Inspiration: Arne Jacobsen's St Catherine's College

For our Inspiration series, staff at The Modern House were asked to list the location, film, painting, building, or piece of music that first inspired their interest in Modernism.

For Emma, our Marketing Coordinator, it was Arne Jacobsen’s St Catherine’s College, Oxford, where she read for her undergraduate degree in History of Art.

Emma says:

‘I was lucky enough to live above the quad of St Catherine’s College for all three years of my undergraduate degree, and from the start was in awe of the detail with which Jacobsen had designed the site. Not only was the architecture of the buildings beautifully refined, but everything from the desk lamps in the library, to the cutlery you’d eat with in the dining hall had been designed with the cohesion of the overall scheme in mind. Rumour had it that Jacobsen had even redesigned the original electrical plug sockets to fit in with his aesthetic scheme (although, much to my relief when I came to plug in my hair dryer, he had since conceded to standard UK fittings).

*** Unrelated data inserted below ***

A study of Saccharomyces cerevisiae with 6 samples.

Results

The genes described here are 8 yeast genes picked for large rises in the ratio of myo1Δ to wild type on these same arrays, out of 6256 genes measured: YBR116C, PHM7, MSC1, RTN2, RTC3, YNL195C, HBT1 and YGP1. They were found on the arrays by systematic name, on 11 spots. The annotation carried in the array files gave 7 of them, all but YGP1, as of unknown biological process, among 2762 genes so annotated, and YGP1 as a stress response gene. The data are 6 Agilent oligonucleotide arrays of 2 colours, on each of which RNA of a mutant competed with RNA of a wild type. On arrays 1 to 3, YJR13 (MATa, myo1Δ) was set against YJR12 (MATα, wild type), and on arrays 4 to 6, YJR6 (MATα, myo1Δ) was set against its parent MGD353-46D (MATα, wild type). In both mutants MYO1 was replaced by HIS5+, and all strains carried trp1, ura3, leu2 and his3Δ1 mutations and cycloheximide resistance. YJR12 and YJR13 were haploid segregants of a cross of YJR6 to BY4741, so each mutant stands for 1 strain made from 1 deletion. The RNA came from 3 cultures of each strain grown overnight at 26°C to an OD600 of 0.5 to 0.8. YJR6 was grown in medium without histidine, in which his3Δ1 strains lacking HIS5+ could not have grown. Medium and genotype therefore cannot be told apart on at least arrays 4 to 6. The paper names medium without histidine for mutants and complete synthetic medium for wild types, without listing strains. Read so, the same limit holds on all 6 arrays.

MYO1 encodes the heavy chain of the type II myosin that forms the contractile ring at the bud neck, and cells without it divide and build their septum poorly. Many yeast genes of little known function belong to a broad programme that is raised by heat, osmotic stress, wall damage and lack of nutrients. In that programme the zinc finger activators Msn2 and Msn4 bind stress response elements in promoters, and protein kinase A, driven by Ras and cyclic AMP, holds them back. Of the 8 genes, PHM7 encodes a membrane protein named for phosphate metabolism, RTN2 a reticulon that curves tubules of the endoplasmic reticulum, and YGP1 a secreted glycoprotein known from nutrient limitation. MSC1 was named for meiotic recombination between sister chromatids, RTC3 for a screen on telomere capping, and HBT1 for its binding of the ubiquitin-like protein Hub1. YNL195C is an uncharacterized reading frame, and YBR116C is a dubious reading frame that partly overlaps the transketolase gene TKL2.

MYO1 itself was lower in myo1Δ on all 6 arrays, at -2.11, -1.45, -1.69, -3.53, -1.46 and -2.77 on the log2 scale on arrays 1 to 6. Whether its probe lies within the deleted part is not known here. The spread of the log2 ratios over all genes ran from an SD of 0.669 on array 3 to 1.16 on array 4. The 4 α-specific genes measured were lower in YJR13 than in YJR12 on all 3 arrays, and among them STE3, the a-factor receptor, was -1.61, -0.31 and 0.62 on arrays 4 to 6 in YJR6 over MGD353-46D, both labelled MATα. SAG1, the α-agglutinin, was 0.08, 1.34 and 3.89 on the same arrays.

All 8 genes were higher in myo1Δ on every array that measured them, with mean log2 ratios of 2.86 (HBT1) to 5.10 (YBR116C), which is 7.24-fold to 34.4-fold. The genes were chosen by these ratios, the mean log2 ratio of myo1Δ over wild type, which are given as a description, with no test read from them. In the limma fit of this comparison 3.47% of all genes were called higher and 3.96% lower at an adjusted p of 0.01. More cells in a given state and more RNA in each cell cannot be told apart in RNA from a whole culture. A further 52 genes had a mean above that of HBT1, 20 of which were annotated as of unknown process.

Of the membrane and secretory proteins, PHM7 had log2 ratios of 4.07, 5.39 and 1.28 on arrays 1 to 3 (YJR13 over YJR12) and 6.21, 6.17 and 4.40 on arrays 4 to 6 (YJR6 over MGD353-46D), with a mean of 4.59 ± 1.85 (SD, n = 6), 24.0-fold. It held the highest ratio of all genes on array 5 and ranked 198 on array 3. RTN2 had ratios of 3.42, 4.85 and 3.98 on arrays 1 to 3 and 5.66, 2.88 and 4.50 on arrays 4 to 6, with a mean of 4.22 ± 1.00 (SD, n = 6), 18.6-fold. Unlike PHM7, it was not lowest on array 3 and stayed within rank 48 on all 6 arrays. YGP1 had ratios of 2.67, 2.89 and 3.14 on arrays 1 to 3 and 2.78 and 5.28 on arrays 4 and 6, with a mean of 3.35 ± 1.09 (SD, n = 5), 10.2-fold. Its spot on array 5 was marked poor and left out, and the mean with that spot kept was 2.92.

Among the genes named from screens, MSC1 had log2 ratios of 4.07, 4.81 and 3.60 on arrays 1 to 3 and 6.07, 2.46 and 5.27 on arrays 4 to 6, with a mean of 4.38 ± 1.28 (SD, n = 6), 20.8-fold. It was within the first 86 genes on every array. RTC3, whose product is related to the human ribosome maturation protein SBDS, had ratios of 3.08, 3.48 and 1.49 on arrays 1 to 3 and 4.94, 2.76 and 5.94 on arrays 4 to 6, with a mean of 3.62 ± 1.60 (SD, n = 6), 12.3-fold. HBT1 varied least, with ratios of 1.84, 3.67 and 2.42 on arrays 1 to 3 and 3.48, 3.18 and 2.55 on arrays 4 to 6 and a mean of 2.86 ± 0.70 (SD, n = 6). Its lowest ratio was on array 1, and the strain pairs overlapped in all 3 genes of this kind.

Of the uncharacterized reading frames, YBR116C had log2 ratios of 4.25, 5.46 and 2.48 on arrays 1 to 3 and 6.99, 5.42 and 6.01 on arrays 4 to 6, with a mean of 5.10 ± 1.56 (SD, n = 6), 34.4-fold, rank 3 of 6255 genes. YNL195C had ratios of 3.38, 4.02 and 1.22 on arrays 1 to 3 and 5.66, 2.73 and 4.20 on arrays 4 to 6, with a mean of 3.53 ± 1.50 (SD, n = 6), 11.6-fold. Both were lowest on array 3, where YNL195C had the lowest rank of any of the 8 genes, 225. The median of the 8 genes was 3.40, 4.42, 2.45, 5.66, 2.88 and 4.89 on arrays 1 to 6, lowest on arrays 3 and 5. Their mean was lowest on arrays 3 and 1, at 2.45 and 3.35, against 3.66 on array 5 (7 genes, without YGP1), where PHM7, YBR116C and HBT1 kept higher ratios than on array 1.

I love the balance Jacobsen achieves across the college, creating an interplay between bold vertical and horizontal accents. The repetitive scheme of the windows facing out towards the main quad – broken up by stark concrete columns and rectangular floor-to-ceiling glass panels – is particularly spectacular, as is the exchange between the vast concrete beams running upwards and across the ceiling in the dining hall.

Outside, even the hedges are columnar, and contrast with the low brick walls and long rectangular ponds, creating a kind of organic structure to guide you along the pathways around the college.

There are a lot of jokes levied at Catz by other colleges for its lack of typically ‘Oxford’ architecture (think the iconic spires of Christ Church, or the Hogwarts-esque surroundings of New College), but for me the completeness and openness of the 1960s scheme made it a really remarkable place to live and study.’